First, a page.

Event Officials Resource Page
Welcome to the Event Officials Resource Page. The National Reining Horse Association (NRHA) mission is to promote the reining horse worldwide, while celebrating and advancing the finest traditions of western horsemanship. NRHA show officials, judges and stewards are an integral part in accomplishing this mission throughout the reining industry.
Event Officials Program
The mission of the Event Officials Program (EOP) is to accredit, certify, and provide continuing education to all event officials, stewards and judges, for NRHA sanctioned events. The resources available within the EOP webpage are designed to assist NRHA judges & stewards in their official roles. By doing so, the EOP is enhancing and upholding the integrity of reining at all levels. This level of excellence and professionalism is an inherent and integral part of our program and our industry.
In NRHA competition, reining horses are judged individually as they complete one of nearly two dozen specified patterns. One or more judges score each horse between 0 and infinity with 70 denoting an average score. Each horse automatically begins the pattern with a 70. The judge can either add or deduct up to 1½ points on each maneuver in half-point increments based on the "quality" of the maneuver. Penalties are also allocated for minor deviations from the pattern; major deviations result in a zero score for the go. As the judges watch the horse’s execution of the pattern, a scribe keeps track of each judge’s maneuver scores and penalty marks. Scores are then tabulated and announced at the end of each run. The judge’s sheets with individual maneuver scores and total scores are then posted for the benefit of the exhibitors following each class.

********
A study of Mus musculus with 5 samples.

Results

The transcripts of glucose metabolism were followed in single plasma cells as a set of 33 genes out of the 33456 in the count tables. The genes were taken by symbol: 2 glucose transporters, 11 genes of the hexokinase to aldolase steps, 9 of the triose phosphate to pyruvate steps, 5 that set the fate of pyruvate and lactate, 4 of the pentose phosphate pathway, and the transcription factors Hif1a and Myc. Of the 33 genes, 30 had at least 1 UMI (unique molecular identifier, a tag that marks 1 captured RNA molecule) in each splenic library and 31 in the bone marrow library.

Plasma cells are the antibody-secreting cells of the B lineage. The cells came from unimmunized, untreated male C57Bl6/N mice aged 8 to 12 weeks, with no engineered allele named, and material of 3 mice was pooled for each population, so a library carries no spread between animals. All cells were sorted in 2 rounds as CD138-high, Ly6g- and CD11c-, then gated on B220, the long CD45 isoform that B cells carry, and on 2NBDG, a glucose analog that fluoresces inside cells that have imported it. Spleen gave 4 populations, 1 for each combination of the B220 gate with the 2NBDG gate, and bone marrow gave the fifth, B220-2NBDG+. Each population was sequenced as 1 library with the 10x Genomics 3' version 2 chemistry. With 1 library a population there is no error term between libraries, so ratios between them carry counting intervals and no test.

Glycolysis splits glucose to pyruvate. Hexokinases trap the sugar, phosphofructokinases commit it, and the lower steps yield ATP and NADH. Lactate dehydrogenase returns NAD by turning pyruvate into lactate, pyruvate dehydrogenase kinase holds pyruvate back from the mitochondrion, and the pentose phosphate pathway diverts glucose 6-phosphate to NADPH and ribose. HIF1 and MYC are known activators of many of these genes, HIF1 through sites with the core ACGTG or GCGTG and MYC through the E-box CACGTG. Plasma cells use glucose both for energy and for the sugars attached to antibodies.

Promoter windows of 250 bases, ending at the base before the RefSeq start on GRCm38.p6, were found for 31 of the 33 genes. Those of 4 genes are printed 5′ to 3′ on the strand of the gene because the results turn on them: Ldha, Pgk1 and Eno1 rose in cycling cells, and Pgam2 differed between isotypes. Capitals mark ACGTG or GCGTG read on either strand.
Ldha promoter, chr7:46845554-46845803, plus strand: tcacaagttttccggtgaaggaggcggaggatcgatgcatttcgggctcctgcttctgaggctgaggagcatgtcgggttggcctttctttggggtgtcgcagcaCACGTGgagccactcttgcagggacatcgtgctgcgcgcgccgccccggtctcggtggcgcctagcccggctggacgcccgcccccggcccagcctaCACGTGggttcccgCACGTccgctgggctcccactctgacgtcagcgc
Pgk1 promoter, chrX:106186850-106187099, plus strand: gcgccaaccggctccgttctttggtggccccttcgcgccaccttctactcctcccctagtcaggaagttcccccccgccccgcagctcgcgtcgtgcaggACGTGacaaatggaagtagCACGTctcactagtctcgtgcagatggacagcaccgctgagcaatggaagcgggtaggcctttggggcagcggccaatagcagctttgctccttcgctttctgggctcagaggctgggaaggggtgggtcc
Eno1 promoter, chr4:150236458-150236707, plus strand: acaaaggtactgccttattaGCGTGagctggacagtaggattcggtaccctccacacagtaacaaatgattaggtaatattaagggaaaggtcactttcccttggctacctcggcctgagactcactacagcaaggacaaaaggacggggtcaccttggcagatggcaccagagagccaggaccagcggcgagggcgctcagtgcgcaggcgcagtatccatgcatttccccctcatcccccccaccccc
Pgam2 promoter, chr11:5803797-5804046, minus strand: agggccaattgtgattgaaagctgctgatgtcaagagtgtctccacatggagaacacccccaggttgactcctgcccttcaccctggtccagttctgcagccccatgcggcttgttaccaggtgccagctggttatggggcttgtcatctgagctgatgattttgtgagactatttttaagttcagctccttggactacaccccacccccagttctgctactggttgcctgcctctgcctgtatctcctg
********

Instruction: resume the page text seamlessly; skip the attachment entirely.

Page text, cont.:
In scoring, credit is given for smoothness, finesse, attitude, quickness and authority when performing the various maneuvers. Controlled speed in the pattern raises the level of difficulty and makes the reining horse more exciting and pleasing to watch. Increased level of difficulty is rewarded with higher scores if the maneuvers are performed correctly.
The NRHA Handbook states:
"To rein a horse is not only to guide him, but to control his every movement."
Unchanged since 1966, that statement serves as the definitive guide to the judging of reining events.